Thank you to the groups of people, including you, who help us care for wildlife every day.

To be a successful Wildlife Hospital you must have many people supporting you in a variety of ways. November is the month we traditionally give thanks, and I would like to thank some of the groups of people who help us care for wildlife every day. We have an incredible number of generous donors, skilled and dedicated volunteers, and an amazing staff. But this column is not about them. Today I want to address the “unsung heroes”, the ones who go out of their way to help wildlife in distress and get them the help it needs.

At our Cape Cod Wildlife Hospital, we receive about 2500 animals a year. These are the admission numbers so far for this year:

2200 animals through October

Reptiles/Amphibians   141

Birds  920

Mammals  1139

Many of them are brought to us by  good Samaritans in the general public. No animal shows up without a human attached to it.  These animal rescuers climb trees, stop traffic, wade into oceans and ponds, and drive long distances to get these animals to us. We are so appreciative of their efforts and their passion.  Here are some of their stories.

A real estate agent from Falmouth went to show a house to an interested party and found a snake in the basement.  Despite being fearful of snakes, he managed to catch the snake and put it into his gym bag. He then drove it to us in Barnstable, but upon arrival, the snake was nowhere to be seen. The gym bag was unzipped and the snake was somewhere in the car.  With the help of our multi-talented staff, the interior of the car was dismantled and the snake was located.  He was grateful the snake was found and he didn’t have to burn “his car to the ground”. The snake was fed, treated for some minor injuries and released.

A young woman was driving home from work around midnight when she came across the gruesome scene of a dead opossum that had been hit by a car.  There were dead babies in the road with the mother, but she was also able to find 8 live babies.  She took the live babies and kept them warm overnight and called us in the morning.  Some of the babies had injuries that were treatable.  They were all successfully rehabbed and released.

A man called about an orphan squirrel he had found under his refrigerator in his kitchen in Arlington. He had no idea how it got there. It was a Saturday and no closer wildlife center was open, so he drove this little squirrel from Arlington to Barnstable on a Saturday in the summer. Those of you who have had to go over the bridge in the summer know what true dedication this is. The little orphan was put with others his size, thrived and was released with his group.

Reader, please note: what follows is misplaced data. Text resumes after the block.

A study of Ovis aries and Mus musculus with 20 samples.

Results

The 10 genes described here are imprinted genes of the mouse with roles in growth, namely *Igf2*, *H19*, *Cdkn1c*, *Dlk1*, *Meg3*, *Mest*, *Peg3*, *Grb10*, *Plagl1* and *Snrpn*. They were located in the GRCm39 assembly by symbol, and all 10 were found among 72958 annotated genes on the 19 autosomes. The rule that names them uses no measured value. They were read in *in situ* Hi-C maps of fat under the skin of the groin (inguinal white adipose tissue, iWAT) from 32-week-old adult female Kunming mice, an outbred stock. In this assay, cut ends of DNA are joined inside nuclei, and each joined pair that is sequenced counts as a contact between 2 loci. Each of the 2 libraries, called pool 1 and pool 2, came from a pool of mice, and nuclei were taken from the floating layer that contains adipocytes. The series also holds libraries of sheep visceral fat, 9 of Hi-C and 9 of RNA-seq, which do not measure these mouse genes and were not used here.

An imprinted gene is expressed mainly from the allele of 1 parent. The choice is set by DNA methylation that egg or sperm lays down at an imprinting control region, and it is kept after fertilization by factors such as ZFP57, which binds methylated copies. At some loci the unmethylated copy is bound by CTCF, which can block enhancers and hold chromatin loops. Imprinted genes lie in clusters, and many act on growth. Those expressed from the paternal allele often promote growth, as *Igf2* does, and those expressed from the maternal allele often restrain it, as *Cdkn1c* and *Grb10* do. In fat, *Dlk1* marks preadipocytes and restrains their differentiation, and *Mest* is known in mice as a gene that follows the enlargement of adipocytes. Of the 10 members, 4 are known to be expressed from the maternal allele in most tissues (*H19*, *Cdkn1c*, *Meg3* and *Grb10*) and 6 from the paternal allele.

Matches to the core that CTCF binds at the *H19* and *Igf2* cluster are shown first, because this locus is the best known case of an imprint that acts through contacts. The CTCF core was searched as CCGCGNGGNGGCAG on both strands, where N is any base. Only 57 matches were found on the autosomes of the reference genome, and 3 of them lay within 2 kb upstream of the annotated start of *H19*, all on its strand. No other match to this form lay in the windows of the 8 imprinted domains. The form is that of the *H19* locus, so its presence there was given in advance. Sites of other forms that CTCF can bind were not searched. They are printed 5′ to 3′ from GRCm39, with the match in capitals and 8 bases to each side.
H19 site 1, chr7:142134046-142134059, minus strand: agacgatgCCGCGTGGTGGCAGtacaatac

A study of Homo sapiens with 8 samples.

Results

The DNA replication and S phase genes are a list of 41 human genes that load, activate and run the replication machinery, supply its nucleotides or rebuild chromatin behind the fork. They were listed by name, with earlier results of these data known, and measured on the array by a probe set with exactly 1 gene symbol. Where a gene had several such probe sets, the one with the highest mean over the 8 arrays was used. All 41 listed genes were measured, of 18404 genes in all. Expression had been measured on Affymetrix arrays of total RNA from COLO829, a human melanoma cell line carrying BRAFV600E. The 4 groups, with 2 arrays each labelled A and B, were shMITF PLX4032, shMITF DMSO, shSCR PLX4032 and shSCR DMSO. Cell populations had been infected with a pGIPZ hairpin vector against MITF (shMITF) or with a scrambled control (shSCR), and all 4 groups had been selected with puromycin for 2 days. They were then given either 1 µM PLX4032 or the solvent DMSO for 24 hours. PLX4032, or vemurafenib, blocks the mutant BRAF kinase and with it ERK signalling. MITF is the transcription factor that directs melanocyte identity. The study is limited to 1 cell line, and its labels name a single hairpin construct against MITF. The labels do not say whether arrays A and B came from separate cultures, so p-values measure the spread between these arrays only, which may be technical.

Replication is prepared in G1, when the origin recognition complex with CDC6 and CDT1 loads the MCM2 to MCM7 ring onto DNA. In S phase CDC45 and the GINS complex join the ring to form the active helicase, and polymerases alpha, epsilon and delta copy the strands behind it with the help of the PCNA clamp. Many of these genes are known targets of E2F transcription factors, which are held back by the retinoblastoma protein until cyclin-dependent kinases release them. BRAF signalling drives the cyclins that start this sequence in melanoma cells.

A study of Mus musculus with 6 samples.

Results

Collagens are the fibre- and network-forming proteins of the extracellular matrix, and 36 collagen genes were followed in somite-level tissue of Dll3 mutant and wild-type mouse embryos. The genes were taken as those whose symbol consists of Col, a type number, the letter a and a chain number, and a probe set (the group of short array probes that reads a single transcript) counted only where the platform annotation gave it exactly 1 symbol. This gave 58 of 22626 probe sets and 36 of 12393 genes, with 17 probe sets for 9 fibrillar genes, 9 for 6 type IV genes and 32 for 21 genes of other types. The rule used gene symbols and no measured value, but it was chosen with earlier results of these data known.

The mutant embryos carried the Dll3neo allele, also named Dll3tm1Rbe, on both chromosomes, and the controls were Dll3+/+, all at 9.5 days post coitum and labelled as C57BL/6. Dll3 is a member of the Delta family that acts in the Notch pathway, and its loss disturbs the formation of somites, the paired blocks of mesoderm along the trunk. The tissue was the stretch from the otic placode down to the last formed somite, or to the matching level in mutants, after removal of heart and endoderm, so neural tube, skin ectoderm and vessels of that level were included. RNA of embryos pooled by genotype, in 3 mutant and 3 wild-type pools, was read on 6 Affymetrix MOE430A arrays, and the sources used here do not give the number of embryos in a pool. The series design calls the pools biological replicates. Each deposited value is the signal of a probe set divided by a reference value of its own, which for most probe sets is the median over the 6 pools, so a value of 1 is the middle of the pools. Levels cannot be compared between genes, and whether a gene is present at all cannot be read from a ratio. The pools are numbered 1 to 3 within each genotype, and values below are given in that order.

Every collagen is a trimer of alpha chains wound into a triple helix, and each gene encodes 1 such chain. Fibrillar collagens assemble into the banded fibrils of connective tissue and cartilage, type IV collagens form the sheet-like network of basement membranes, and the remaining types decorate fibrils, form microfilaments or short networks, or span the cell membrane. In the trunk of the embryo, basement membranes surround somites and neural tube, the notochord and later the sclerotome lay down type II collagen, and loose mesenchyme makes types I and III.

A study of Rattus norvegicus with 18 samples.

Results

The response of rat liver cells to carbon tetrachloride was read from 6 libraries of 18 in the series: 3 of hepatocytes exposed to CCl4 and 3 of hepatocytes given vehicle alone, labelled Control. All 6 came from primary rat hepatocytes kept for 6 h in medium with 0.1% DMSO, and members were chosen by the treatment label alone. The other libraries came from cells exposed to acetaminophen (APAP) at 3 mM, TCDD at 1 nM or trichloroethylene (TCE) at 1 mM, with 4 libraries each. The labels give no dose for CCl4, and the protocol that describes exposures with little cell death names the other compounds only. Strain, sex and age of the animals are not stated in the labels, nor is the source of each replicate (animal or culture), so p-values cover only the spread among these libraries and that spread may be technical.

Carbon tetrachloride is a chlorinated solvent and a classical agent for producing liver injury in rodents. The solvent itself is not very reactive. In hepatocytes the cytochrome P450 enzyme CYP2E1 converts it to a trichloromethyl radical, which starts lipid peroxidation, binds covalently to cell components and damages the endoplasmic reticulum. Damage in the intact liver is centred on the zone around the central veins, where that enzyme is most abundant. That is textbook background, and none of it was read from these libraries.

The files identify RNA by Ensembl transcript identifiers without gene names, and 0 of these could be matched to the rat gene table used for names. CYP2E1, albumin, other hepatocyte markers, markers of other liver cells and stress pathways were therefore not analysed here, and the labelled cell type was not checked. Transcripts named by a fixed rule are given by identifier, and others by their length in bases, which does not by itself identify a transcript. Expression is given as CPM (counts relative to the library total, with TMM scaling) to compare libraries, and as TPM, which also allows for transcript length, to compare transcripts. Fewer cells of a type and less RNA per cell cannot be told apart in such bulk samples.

Sometimes people literally give the shirt of their back.  Often when animals are found on the beach or in the woods, no appropriate carrier is available.  A gentleman brought an egret wrapped in his clothes. The egret had a clam stuck on his foot.  The clam was successfully removed, his abrasions were treated and he was then released.  The man came back to retrieve his clothes.

An injured and orphaned mute swan was brought to us from the Boston Esplanade after his mother was attacked and killed.  The cygnet had surgery and spent many months in our care.  A  woman named Sylvia had been involved with these swans at the Boston location for years.  She called 2-3 times a week for updates, and then updated the rest of the community in Boston about the progress.  It was truly a labor of love. The cygnet was released and is growing into a beautiful swan.

In a waterfront community in a small pine forest some women walking by heard the cries of young owlets.  Upon investigation, they found two Great Horned owlets on the ground that had fallen out of their nest.  They called us and waited with them until we arrived to examine them and attempt to re-nest them.  The parents stayed nearby watching and swooping us.  The re-nesting was successful.  Two volunteers monitored the nest daily to make sure they remained safe.  Eventually they fledged and were able to live successfully in the wild.

Retrieving animals from high places is one of our biggest challenges.  One family had a Great Horned owl in a tree sickened by rat poison.  They called their arborist who came and retrieved the owl and turned it over to us. It was critically ill but is recovering and we hope to release it soon.  Another woman found an Osprey hanging from its nest by a piece of baling twine.  She called her husband who was a professional tree climber to come and capture it.   They called us to receive it at the nest.  It was successfully treated and released back to its nest.  Fire Departments also assist us when they can.  This past summer we had both Barnstable and Yarmouth Fire Departments re-nesting osprey chicks at two different nests at the same time.

Many people will stop for animals hit by cars that are lying in the road.  They often have to stop traffic, and secure the wounded, frightened animal on the road.   Many turtles are brought in this way, and it is life-saving. We have the ability to repair fracture shells and heal and release them.  Most turtles in Massachusetts are endangered or threatened so each turtle is very important.

Without an involved, caring community, far fewer animals would make their way in for treatment. We do caution everyone to never put themselves at risk or enter into an unsafe situation to rescue an animal. Call us and we will give you the contact information of local support in your area.

During November and every day, we thank all of you for caring enough to help.  We all are the stewards of our wildlife.

To learn more about the Cape Wildlife Center or help in their mission, visit or call 508 362-0111.